The Priory of the Orange Tree

- Samantha Shannon


A world divided. A queendom without an heir. An ancient enemy awakens.

The House of Berethnet has ruled Inys for a thousand years. Still unwed, Queen Sabran the Ninth must conceive a daughter to protect her realm from destruction – but assassins are getting closer to her door.

Ead Duryan is an outsider at court. Though she has risen to the position of lady-in-waiting, she is loyal to a hidden society of mages. Ead keeps a watchful eye on Sabran, secretly protecting her with forbidden magic.

Across the dark sea, Tané has trained to be a dragonrider since she was a child, but is forced to make a choice that could see her life unravel.

Meanwhile, the divided East and West refuse to parley, and forces of chaos are rising from their sleep.



The stranger came out of the sea like a water ghost, barefoot and wearing the scars of his journey. He walked as if drunk through the haze of mist that clung like spidersilk to Seiiki.


absolute favourite:
Absolute perfection. I was about 200 pages in before I started immediately recommending this book to everyone. Less than 25% of the way through The Priory of the Orange Tree, I just knew that Shannon wouldn’t let me down. I believe ‘A Game of Thrones, but written by a woman, so the female characters have actual personalities and are described by more than their looks’ was the exact phrase I used several times. And after reaching the end, I stand by this description.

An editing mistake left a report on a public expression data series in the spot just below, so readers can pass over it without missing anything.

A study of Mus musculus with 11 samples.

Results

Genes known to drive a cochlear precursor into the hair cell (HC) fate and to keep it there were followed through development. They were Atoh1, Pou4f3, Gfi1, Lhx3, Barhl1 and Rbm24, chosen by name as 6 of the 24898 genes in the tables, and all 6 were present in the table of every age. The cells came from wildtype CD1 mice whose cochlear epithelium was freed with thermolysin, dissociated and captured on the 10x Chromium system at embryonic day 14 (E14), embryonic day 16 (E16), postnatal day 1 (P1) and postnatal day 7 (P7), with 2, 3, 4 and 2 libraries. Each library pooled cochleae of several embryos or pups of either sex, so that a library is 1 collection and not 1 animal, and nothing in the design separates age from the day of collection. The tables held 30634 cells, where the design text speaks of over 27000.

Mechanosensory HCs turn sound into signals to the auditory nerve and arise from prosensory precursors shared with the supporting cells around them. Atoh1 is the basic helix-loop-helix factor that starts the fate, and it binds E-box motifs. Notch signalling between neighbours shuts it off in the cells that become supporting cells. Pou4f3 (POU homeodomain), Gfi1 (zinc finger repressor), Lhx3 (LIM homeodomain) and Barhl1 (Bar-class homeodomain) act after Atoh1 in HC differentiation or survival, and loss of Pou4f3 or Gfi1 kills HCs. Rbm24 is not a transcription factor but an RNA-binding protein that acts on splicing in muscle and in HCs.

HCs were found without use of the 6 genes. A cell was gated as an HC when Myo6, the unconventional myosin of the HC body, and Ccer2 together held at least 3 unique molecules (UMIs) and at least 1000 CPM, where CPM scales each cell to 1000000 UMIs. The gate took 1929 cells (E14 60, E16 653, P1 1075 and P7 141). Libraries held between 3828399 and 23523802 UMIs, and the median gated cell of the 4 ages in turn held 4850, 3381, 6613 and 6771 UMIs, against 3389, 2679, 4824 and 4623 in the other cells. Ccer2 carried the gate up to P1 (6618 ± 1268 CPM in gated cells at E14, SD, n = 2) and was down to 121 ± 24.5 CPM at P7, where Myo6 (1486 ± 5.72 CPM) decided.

There is something so wonderful about starting this book and already looking forward to rereading it. I love epic high fantasy like this, where the author is building off of existing folklore and developing their own mythopoeia. Of course, you’re not sure how these initial details are going to end up being important, but you can’t wait to start over again to be able to add nuance and pick out all the spoilers and Easter eggs and foreshadowing you missed the first time around. It makes me actually giddy just thinking about it.

I know everyone has their favourites in this book, and it would be difficult not to, but it is very easy to read every perspective and love something about each character. Because Shannon represents all of humanity in The Priory of the Orange Tree. There are the righteous and the wicked, lovers and fighters, brilliant and dense (but still loveable – poor Loth), just like there’s east and west, dragons and wyrms, religion and magic. I love that Shannon didn’t shy away from the complexities of religion, and The Priory of the Orange Tree could almost be a guidebook for how to unite against a common foe – something which seems almost more impossible than dragons in our modern world. I love that while aspects of this story seem so familiar – royal marriage as strategy, power passing through blood, religion hiding the truth – some refreshing twists breathe some life and fresh air into what could have been a dusty tome.

It seems crazy to say, but after almost 850 pages, I was left wanting more. I’m so glad there’s a prequel already out, while also feeling so disappointed to be going backwards rather than forward. Fingers crossed that Shannon isn’t ready to give up on these characters or their descendants.